Kudos to Rare Environmental Leadership


Kudos to Rare Environmental Leadership

Congratulations to Ben Grumbles, Maryland Secretary of Environment, and Fred Krupp, President of Environmental Defense Fund, for being honored with this year’s William K. Reilly Environmental Leadership Award.  Both are extraordinary leaders in uncommon times.  Their hallmark is to work across political divides to reach common sense solutions for the environment and the public.

Fred, who has led EDF for over three decades, decided early on in his career against tilting at windmills and, rather than litigate every environmental grievance, he would work with Corporate America and show them why greening their business made good economic and environmental sense.  Under his leadership, EDF has become the world’s largest and most influential environmental organization with an annual operating budget that has grown from $3M to $130M, employee ranks grown from 50 to 450, membership expanded from 40,000 to more than one million, and new offices opened in Arkansas, Massachusetts, North Carolina, Texas, Beijing, London and La Paz, Mexico. Among the group’s many achievements, EDF is the architect of the federal market-based acid rain policy that has reduced average U.S. air concentrations of sulfur dioxide by 76% since 1990. In 2002, The Economist called it “the greatest green success story of the past decade.”  And Fred isn’t afraid to take unpopular stands, as he did in 2012 when he partnered with the Center for Sustainable Shale Development to promote responsible natural gas fracking, a decision which created an uproar in the environmental community where 67 environmental groups publicly denounced EDF and Fred personally.  I have long admired Fred’s work – he speaks softly and carries big credibility on the environment.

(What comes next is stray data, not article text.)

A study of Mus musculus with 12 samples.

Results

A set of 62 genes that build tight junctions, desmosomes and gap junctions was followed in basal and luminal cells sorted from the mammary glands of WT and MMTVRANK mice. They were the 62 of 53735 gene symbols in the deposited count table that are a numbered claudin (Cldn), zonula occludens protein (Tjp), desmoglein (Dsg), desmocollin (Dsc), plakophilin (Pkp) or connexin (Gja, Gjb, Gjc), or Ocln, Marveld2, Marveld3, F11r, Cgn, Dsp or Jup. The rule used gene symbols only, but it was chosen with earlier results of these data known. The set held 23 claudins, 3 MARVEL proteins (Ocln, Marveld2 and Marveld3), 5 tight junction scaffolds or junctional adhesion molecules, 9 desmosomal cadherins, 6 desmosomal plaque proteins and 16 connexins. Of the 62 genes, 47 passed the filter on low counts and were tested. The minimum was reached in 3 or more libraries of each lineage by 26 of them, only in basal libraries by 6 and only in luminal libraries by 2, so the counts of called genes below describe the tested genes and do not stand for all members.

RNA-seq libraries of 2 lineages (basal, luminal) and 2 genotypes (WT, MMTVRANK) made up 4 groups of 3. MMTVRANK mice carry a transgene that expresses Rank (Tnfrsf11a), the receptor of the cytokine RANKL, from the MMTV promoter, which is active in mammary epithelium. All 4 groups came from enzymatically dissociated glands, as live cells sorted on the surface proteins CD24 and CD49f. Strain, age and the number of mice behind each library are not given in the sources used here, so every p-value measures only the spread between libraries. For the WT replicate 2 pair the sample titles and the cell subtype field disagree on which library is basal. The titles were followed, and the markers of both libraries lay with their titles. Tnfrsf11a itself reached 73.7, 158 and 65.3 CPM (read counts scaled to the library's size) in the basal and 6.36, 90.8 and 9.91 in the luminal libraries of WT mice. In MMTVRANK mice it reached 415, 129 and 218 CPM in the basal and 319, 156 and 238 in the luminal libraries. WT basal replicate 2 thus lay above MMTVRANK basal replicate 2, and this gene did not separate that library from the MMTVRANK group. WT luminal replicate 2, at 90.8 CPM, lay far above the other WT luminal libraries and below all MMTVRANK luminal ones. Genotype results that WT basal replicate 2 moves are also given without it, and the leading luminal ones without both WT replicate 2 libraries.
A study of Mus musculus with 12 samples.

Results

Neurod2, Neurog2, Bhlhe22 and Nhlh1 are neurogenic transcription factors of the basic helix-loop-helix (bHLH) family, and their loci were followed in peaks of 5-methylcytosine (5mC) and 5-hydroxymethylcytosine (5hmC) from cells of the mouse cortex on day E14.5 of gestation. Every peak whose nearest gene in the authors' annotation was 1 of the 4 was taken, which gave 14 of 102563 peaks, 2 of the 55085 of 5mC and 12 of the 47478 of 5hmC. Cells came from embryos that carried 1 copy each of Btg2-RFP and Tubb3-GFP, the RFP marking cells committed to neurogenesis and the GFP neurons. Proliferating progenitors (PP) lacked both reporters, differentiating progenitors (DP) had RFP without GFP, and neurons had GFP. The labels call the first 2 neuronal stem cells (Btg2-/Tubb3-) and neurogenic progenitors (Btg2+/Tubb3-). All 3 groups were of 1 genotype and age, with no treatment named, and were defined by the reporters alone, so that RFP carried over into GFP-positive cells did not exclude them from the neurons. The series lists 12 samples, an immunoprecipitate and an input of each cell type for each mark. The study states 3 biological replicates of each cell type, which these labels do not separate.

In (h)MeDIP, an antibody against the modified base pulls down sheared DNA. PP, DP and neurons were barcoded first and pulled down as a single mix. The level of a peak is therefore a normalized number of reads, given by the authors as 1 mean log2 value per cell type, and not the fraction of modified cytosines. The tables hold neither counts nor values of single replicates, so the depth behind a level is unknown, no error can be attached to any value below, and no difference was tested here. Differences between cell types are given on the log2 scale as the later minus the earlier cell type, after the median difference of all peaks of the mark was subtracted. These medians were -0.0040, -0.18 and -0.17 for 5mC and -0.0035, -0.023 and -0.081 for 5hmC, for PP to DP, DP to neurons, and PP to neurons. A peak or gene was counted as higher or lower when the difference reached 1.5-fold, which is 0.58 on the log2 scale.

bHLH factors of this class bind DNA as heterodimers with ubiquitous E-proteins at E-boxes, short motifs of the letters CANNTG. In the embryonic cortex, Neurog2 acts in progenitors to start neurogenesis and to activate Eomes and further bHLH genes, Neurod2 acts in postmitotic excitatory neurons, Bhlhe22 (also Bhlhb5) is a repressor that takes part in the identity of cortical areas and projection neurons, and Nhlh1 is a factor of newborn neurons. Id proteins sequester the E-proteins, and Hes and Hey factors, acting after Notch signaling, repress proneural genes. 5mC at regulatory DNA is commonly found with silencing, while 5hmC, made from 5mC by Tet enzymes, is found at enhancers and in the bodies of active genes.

Ben Grumbles has spent a lifetime of public service building bridges across troubled waters.  I was a young lawyer when I first met Ben in 2003 in DC.  He was looking for a new deputy in EPA’s Office of Water and I was looking for a new venture.  Some leaders, like Ben, are born with a servant’s heart.  He is one of those rare leaders who the public will never know, but whose influence touches everything around them in a positive way.   Ben recently joined Governor Hogan’s team to oversee Maryland’s Department of Environment – he will be good for Maryland, its people and environment.  But his influence will continue to be felt well beyond the parochial limits of politics.

As John Maxwell notes on leadership, “Anyone can steer the ship, but it takes a leader to chart the course.”  Both Fred and Ben have charted a course, a course that is good not only for the environment, but for people and the communities that will benefit from their courage and leadership.